Phantom Opera

Since it debuted in 1996, the small, nonprofit American Opera Group has lived hand to mouth, but last week the hand came up empty. The company was scheduled to present Puccini’s Madame Butterfly at the Athenaeum Theatre on September 29 and October 1, with two more performances to follow this weekend at the 1,050-seat Norris Center in Saint Charles. But lackluster ticket sales forced Paul Williams, AOG’s founder and general director, to pull the plug on all four performances, and the Norris Center has reciprocated by canceling the company’s engagements for the remainder of the season. “I didn’t want to take a chance on those shows not happening too, if Mr. Williams’s funding fell through,” says Robert Destocki, executive director for the center. Williams says that he regrets waiting until the last minute but that he and his board of directors felt it was the prudent thing to do from a financial standpoint. “Paul is very strong on the artistic end,” says board secretary Mae Cohen, “but it has been hard for him to attract the money people.”

Cohen met Williams four years ago, when the company was performing Walton’s The Bear and Menotti’s The Medium at Rosary College. Williams had been involved in opera for over 30 years, doing artistic and managerial work for the Lyric Opera of Chicago, the San Francisco Opera, Opera Theatre of San Antonio, and the Die Bühnen der Stadt Köln in Cologne, Germany. By founding AOG, Williams hoped to give talented young singers a chance to perform with a large orchestra (usually comprised of players from the Civic Orchestra of Chicago). He was reasonably pleased with the production at Rosary but dissatisfied with having sold only 500 tickets. Two summers later he directed The Barber of Seville for the Comedic Chamber Opera of Munich, “a quaint little opera house out in the middle of a cow pasture,” and during the run an aspiring American singer offered him $10,000 to start an opera company in the U.S. if Williams would cast him in one of the productions. By 1999, Williams had returned to Chicago and was busy reviving American Opera Group.

The city, he decided, was too competitive a market for the fledgling company, so he approached John Scharres, managing director of the Woodstock Opera House. The landmark building reminded him of the Comedic Chamber Opera, and the affluent Woodstock community had a track record of supporting the arts. According to Williams, Scharres connected him with a local arts patron who was supposed to help him make contacts in town, but that relationship fell apart and Williams was on his own. He drew up a $150,000 budget to cover three productions: Don Giovanni in May 1999, La boheme the following October, and Carmen this past May. Tickets went on sale well in advance and were modestly priced at $18, $32, and $40; with the opera house’s aggressive marketing AOG sold more than 75 percent of its available seats. “Our ticket sales managed to cover all but about $3,000 of our total expenses,” says Williams, who claims he took out a personal loan to cover the shortfall.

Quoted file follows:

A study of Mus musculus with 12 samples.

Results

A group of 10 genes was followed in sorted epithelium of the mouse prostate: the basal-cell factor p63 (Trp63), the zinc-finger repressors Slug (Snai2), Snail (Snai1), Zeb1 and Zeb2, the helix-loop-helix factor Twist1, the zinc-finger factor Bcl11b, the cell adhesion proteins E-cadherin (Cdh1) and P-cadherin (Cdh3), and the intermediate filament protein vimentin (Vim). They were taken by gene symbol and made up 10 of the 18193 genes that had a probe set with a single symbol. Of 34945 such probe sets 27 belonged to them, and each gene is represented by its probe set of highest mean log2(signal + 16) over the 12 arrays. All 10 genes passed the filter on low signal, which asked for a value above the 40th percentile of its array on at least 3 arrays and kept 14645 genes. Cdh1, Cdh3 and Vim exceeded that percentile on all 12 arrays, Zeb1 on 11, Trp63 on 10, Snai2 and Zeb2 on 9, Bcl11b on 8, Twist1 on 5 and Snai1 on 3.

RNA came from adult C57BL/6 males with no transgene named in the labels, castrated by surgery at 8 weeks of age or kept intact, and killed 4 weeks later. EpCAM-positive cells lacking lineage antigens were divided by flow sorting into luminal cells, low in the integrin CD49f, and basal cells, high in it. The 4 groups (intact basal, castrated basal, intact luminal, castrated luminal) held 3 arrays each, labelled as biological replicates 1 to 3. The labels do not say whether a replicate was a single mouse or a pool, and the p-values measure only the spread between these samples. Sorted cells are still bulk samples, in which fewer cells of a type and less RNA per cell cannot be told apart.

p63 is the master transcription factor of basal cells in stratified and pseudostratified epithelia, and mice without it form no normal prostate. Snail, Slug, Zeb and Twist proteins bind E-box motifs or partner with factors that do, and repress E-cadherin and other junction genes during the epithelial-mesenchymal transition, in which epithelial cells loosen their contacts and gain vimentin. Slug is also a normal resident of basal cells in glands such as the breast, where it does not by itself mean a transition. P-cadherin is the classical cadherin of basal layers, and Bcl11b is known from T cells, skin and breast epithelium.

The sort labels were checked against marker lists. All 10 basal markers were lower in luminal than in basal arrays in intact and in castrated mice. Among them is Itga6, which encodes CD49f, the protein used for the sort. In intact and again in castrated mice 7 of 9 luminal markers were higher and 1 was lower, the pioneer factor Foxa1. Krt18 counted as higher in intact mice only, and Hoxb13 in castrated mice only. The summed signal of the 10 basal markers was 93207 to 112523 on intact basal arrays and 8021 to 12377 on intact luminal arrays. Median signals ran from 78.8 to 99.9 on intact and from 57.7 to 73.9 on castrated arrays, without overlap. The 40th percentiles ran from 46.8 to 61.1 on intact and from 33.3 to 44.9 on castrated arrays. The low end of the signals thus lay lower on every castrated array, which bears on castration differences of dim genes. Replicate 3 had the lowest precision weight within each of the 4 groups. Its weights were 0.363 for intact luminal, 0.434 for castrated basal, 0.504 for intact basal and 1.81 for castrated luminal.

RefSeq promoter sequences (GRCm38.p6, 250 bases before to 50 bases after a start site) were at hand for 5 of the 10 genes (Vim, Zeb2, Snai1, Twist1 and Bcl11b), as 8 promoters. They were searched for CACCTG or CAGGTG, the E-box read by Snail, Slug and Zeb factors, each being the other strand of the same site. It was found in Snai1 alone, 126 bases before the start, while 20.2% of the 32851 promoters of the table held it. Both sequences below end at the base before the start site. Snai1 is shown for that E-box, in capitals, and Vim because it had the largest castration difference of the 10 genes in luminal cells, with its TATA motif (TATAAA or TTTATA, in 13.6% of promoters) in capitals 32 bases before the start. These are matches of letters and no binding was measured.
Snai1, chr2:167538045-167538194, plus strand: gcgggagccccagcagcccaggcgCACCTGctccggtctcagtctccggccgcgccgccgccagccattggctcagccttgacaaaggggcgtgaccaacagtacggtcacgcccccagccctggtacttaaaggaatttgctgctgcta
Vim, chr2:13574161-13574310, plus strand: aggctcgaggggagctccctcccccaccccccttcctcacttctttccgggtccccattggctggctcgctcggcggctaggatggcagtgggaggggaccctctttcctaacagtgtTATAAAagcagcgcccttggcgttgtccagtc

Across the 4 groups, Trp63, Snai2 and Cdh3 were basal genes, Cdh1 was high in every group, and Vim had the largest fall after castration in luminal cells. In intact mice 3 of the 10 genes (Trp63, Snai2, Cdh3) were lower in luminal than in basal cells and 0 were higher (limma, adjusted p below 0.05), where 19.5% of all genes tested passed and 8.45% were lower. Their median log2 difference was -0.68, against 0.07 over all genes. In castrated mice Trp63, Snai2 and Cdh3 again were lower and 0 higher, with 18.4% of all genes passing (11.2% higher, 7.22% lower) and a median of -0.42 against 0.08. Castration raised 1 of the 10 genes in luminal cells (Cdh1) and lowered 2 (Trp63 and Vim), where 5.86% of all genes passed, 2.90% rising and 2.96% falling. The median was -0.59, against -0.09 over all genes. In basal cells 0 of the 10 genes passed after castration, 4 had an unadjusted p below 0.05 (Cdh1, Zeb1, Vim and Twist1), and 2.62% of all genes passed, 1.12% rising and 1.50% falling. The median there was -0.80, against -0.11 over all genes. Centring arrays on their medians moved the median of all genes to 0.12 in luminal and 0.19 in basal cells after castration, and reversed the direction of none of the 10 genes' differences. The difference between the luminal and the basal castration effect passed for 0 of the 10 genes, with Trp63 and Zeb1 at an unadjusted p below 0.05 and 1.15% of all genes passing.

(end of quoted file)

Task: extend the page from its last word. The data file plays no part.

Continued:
Williams began planning the 2000-2001 season, but this time, he says, Scharres was uncooperative. “This is a supposition on my part, but I had the feeling we didn’t have enough clout in the community.” Scharres contends that the center was booked up and that Williams turned down the only available weekends, which coincided with the Memorial Day and Fourth of July holidays. When Williams realized that AOG wouldn’t be returning to the opera house, he cut a deal with Destocki at the Norris Center. Destocki says he expected to sell at least 600 or 700 tickets to Madame Butterfly by opening night: “A lot of people were looking forward to the operas.” But Williams knew from his experience in Woodstock that the production would require sustained marketing and wasn’t impressed by the Norris Center’s efforts. Three weeks before the Saint Charles engagement the company had sold only 104 tickets–about $3,500–to cover a $42,000 production. Williams was about to start rehearsing the 26-piece orchestra, which would have cost the company $2,500 per session, when he and his board decided to can Madame Butterfly.

Now that he’s locked out of the Norris Center, Williams has redoubled his efforts to get back into Woodstock, aligning himself with three businessmen who he says are well connected in the village. He hopes to convince Scharres to book AOG at the opera house next spring for a production of Rigoletto. “These are all successful and powerful people he has working with him now,” says Cohen. Yet the board secretary says she’s learned one thing from her involvement in American Opera Group: “Managing the business of opera is an art form in itself.”

There’s Gold in Them Thar Vaginas

The Vagina Monologues, Eve Ensler’s bold performance piece about female sexuality, has broken the box-office record for the Apollo Theatre, according to owner Rob Kolson. The show opened September 24, and early this week total ticket sales had exceeded $300,000 despite sharply divided reviews from the Chicago dailies. Lucia Mauro of the Chicago Tribune raved about the production, while Hedy Weiss of the Chicago Sun-Times dismissed it as “the exorcism of a very unhappy woman.” Reader critic Kelly Kleiman weighs in this week in Section One.

Art accompanying story in printed newspaper (not available in this archive): photo/Dorothy Perry.